Lictor: bodyguard in ancient Rome, whose task it was to protect magistrates.
The word lictor may be derived from the Latin verb ligare, which means "to bind". This is sometimes said to refer to the fasces they carried, which were a set of rods that were bound in the form of a bundle, and contained an ax. In other words, the lictor was the man who prepared the fasces, the "binder", or had to - according to other sources - bind the hands of criminals. An alternative for these unconvincing etymologies is that the word is derived from the Etruscan root lauchum, which means "royal". There is something to be said for this, because the lictors had once been the bodyguard of the Etruscan and Roman kings, and the fasces are probably an Etruscan invention.
According to the Roman tradition, in the archaic age, each of the twelve kings of the twelve-city league of Etruria had twelve lictors. Unfortunately, we have no proof that there were ever twelve member towns of this league. Given the plurality of constitutions in the better known fifth and fourth centuries, it is highly unlikely that there were ever twelve Etruscan kings. The tradition seems to be invented to explain why the Roman kings had twelve lictors.
After the fall of the Roman monarchy, the lictor and his fasces were the symbols of those magistrates that held imperium, which means that they had the right to command and interpret the flight of the birds. A consul was escorted by twelve lictors and a praetor by six. On special occasions, this number varied. For example, the arch of Titus shows a triumphator with thirteen lictors; it seems that the additional guard was there to give added luster to the occasion. Likewise, when a dictator was appointed during a crisis, he had an escort of twenty-four lictors to show that he was more powerful than both consuls. The other magistrates -quaestor, aedile, censor- held no imperium and were not escorted by a bodyguard.
Other persons entitled to a lictor were the Vestal Virgins (although this was technical not an ordinary lictor, but a lictor curiatus), and the governors of the provinces (proconsuls and propraetors), who had six bodyguards. The commanders of the legions were surrounded by five lictors, indicating that they were subordinate to the governors. Finally, in Egypt, the sacred bull Apis was protected by a lictor.
Lictors had several tasks. In the first place, they had to stand next to the magistrate when he addressed the crowd. This explains why the speaker's platform on the Roman Forum (Rostra) is so large: not only the consul had to stand over there, but his entire escort as well. When the magistrate left the Forum, or arrived, the lictors had to make room. This also implied minor jobs like opening gates and knocking on doors. The lictor was also responsible for the safety of the magistrate when he was at home. We read about visits to temples, theaters and even baths.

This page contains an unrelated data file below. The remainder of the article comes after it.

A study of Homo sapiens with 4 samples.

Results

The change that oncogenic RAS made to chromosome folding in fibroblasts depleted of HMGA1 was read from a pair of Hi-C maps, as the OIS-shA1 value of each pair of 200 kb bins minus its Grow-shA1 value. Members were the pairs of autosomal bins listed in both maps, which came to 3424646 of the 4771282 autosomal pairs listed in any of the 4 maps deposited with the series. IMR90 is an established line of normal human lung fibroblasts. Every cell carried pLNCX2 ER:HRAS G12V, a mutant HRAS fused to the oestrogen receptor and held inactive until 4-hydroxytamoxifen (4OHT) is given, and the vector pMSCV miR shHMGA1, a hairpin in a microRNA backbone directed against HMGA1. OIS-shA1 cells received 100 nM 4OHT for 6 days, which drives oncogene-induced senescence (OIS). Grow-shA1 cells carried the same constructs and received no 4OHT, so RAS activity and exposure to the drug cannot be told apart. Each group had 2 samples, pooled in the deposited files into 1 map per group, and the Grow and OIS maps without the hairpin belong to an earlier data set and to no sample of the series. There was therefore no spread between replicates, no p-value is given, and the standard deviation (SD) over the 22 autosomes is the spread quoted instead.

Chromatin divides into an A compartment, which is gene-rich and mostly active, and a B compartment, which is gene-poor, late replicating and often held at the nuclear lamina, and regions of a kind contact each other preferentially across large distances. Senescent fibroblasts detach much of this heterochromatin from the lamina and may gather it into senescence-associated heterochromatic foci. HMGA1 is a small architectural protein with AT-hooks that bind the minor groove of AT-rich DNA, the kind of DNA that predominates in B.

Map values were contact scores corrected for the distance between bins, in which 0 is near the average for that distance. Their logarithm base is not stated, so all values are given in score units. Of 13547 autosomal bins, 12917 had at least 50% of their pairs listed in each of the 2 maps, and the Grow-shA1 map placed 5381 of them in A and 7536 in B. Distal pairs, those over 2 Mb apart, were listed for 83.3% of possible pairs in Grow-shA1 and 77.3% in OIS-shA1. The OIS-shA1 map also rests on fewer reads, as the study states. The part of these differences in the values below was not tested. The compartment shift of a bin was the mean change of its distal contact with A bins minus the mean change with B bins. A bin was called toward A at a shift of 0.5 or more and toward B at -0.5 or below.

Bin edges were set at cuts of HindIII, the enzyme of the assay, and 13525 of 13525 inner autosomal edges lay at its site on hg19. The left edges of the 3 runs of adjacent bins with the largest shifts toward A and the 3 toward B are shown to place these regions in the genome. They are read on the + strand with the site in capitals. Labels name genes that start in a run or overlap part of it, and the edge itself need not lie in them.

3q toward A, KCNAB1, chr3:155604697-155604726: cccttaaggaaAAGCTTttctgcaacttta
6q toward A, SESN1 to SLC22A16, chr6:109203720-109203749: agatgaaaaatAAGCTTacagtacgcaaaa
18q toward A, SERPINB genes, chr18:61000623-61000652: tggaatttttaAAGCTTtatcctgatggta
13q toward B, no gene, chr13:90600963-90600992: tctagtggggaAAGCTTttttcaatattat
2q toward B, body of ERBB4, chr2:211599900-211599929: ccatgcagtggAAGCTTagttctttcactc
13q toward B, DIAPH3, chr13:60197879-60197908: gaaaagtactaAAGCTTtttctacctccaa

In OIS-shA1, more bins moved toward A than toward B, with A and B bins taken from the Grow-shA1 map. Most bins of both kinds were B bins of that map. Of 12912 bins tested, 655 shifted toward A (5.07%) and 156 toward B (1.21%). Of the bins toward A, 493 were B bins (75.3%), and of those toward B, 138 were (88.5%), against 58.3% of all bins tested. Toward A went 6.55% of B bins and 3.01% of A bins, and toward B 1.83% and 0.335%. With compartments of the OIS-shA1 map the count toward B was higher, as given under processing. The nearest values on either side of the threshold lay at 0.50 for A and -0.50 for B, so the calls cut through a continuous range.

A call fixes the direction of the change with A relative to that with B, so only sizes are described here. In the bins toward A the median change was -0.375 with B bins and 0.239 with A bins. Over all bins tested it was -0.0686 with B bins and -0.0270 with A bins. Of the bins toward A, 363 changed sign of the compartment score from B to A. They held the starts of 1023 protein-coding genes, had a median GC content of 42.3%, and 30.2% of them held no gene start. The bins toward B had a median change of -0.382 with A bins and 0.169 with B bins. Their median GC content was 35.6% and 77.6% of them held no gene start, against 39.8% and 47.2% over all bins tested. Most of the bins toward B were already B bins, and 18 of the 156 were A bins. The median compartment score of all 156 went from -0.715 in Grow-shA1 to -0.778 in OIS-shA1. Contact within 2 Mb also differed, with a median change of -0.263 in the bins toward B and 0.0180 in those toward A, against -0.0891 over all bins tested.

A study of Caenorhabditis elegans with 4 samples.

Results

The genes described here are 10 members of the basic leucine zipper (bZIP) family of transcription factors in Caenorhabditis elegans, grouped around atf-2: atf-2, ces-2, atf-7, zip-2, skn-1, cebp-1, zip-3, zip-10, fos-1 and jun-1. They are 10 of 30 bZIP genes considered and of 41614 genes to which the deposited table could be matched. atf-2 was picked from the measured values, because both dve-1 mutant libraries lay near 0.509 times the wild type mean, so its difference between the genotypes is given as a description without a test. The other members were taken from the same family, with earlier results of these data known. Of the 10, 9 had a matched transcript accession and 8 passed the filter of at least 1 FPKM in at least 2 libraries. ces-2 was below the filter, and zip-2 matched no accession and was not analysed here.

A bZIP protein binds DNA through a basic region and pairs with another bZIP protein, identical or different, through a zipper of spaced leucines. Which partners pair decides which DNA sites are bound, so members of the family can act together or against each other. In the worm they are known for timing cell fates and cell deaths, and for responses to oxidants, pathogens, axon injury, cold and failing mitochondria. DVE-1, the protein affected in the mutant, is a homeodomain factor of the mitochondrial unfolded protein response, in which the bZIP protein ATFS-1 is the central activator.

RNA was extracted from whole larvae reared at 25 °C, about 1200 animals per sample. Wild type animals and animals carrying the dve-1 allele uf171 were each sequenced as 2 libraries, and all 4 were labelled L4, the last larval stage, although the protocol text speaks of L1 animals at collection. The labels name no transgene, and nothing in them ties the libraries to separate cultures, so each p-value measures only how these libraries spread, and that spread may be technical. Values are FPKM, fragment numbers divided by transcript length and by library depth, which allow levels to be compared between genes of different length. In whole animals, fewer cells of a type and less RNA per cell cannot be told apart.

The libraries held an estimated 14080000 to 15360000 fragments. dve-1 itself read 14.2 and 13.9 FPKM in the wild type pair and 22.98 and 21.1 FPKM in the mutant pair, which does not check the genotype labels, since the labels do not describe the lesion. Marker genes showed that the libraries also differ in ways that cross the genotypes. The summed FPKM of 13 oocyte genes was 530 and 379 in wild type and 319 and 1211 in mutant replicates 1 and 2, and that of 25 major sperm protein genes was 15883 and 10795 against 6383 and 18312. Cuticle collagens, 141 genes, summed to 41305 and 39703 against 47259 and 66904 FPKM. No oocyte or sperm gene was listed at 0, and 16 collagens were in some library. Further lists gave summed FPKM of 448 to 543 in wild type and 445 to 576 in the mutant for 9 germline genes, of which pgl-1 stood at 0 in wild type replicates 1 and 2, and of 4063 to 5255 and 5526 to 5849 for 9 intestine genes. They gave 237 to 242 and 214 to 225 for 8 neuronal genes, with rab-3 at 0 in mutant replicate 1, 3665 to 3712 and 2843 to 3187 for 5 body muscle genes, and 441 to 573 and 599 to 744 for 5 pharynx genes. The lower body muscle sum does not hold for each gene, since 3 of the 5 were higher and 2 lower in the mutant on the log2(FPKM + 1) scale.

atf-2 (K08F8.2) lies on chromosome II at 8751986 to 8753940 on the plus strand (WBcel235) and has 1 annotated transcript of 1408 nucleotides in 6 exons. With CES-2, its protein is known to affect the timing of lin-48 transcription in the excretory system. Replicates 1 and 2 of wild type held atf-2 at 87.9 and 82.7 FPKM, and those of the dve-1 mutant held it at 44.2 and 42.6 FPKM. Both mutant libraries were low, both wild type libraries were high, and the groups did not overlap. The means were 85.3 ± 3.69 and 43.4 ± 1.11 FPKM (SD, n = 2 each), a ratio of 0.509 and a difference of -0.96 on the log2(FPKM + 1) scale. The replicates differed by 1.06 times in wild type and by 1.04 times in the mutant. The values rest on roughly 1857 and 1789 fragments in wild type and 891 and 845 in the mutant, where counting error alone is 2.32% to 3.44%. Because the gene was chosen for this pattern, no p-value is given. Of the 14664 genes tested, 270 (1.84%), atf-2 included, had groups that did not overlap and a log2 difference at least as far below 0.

Lictors were also responsible for arresting and punishing people. This was the function implied in the fasces: the rods could be used to lash people, the ax to execute them. Probably, this last task had already become a dead letter by the middle of the fifth century. After the Laws of the twelve tables, no Roman magistrate could summarily execute a Roman citizen.
A magistrate was never seen without his lictors, except for two occasions: when he entered a free city, and when he visited a higher magistrate. So, when a praetor visited a consul, the lictors remained outside.
A special group of lictors was that of the thirty lictores curiati. They had religious tasks, and served the pontifex maximus (high priest) and the priests known as flamines They had tasks when a sacrifice was brought, represented the assembly of the tribes (comitia curiata), and were responsible for the protection of the Vestal Virgins. After the fall of the republic, they also protected female members of the imperial family.
Not everybody could become lictor. One had to be strong and had to be a free man - something that was shown by the fact that in the city, the lictor wore a toga. This can not have been practical if the lictor had to protect his magistrate with violence, and it comes as no surprise that he wore a cape when he was in a military camp. In return for his services a lictor received a salary of 600 sesterces (at the beginning of our era), which was two-thirds of the earnings of a legionary. It was a decent income.